Norse Religion and Ritual Sites in Scandinavia in the 6th – 11th century
By Lars Jørgensen
Die Wikinger und das Fränkische Reich. Identitäten zwischen Konfrontation und Annäherung. Unter Mitarb. von Nicola Karthaus, ed. Kerstin P. Hofmann, Hermann Kamp und Matthias Wemhoff (München: Fink, 2014)
Abstract: Today we have increasing opportunities for archaeological identification of the pre-Christian rites in the various accounts given by the written sources. Against the background of new archaeological investigations that relate the magnates’ residences to the religious activities, it is possible to build an interpretative model that provides a more specific account of the function of the elite and the organization of the pre-Christian cult. The reason for this is not a theory that the elite alone practiced the cult, but rather that the primary archaeological sources in the form of ritual objects, cult buildings and sacrificial complexes are mainly associated with the magnates’ residences. These large settlement complexes very likely functioned as supraregional cult centres to which the rest of the population came at certain periods.
Introduction: Over time the Norse mythology we know from the Old Norse Eddic poetry and the sagas has provided a framework for a fascinating picture of the Norse religion in the time before Christianity. The pre-Christian religion in the North in the Late Iron Age and Viking era, however, consists of much more than just myths and leg-ends about the anthropomorphic ﬁgures of the period. In the time shortly before the beginning of our era there was probably a change in the religious convictions and activities of the people of the past. Names of Greek and Roman gods gradually begin to appear in various linguistic sources related to the religion of the Northern Iron Age. Religion changed slowly, and in the course of the Iron Age there was a change in the identity of the religion. In parallel with a growing influence from the classical Mediterranean area, mediated by among other things the expanding Roman Empire, the gods of the Late Iron Age and Viking era changed and took on the forms familiar from the legends.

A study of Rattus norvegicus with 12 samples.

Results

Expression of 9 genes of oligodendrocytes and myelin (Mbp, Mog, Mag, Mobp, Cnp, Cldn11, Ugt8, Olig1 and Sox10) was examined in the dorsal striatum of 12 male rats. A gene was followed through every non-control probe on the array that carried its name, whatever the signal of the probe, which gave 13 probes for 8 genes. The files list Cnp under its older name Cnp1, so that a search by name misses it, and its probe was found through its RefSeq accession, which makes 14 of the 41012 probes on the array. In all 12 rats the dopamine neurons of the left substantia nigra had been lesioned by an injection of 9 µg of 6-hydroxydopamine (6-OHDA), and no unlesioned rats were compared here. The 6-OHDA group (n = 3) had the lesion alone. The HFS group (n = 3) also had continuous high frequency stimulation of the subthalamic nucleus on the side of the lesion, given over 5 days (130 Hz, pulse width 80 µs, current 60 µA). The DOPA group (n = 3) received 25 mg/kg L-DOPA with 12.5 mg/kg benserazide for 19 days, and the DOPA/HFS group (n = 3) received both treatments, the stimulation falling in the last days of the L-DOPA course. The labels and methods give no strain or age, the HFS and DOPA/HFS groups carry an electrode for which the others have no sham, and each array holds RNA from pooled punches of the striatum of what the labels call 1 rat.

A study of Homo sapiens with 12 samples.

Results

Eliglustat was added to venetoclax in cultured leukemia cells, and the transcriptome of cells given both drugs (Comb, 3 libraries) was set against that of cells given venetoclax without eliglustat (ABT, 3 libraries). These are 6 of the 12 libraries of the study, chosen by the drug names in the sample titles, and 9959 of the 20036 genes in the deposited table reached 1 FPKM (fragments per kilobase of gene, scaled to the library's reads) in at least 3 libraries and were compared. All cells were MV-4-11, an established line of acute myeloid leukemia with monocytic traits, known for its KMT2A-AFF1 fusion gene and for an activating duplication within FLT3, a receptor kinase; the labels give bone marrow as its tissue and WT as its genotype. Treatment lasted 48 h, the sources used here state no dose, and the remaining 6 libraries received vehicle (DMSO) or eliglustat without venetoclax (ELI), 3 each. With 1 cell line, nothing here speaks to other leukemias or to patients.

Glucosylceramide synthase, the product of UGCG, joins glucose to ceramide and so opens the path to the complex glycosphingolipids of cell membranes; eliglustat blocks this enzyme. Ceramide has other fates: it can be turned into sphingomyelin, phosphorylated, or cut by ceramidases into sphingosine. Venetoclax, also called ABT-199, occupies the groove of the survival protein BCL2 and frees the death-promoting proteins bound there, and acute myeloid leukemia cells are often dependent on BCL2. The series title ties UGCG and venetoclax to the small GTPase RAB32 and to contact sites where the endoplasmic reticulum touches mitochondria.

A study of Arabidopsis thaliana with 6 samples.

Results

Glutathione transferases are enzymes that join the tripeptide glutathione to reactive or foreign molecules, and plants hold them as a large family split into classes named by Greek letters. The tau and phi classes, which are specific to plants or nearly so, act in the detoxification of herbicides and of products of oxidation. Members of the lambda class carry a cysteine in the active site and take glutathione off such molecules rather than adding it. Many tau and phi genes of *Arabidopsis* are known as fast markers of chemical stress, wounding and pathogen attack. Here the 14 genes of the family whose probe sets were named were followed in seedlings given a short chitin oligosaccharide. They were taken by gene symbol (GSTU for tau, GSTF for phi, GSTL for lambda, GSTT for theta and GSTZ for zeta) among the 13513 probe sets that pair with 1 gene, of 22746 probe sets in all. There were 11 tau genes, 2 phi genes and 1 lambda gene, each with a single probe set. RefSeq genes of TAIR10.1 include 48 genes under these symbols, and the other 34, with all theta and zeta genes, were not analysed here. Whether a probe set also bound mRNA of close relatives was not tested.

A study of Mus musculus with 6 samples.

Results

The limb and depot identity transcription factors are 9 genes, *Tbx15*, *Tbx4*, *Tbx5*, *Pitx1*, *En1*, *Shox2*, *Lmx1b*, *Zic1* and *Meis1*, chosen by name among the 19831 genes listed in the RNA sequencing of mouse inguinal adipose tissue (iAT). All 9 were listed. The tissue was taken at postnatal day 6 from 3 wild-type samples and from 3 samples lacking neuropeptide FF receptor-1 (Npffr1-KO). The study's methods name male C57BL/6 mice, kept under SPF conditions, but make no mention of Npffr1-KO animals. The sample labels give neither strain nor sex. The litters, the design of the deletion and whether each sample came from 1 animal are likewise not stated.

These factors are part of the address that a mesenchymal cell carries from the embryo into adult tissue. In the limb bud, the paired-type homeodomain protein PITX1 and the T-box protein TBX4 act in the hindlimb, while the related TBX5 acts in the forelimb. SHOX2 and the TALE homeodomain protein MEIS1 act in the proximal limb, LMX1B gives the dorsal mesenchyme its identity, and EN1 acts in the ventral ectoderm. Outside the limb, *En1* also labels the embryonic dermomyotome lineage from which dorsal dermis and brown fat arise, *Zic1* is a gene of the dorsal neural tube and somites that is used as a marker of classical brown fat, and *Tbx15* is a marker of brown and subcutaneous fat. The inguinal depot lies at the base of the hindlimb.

Our knowledge of the cosmological and mythological beliefs of the Viking Era is based primarily on the written sources of the post-Viking Middle Ages, which describe the gods and heroes of the Vikings and the myths surrounding them. However, the picture we get from the Icelandic sagas and the Eddic poetry cannot by itself create a verifiable picture of the identity and activities of religion then.A credible account of the interplay that took place between the population then and the pre-Christian cult, and the underlying organizational structure, requires an analysis that encompasses not only the written remains, but in particular includes the now extensive archaeological source material that is accessible today.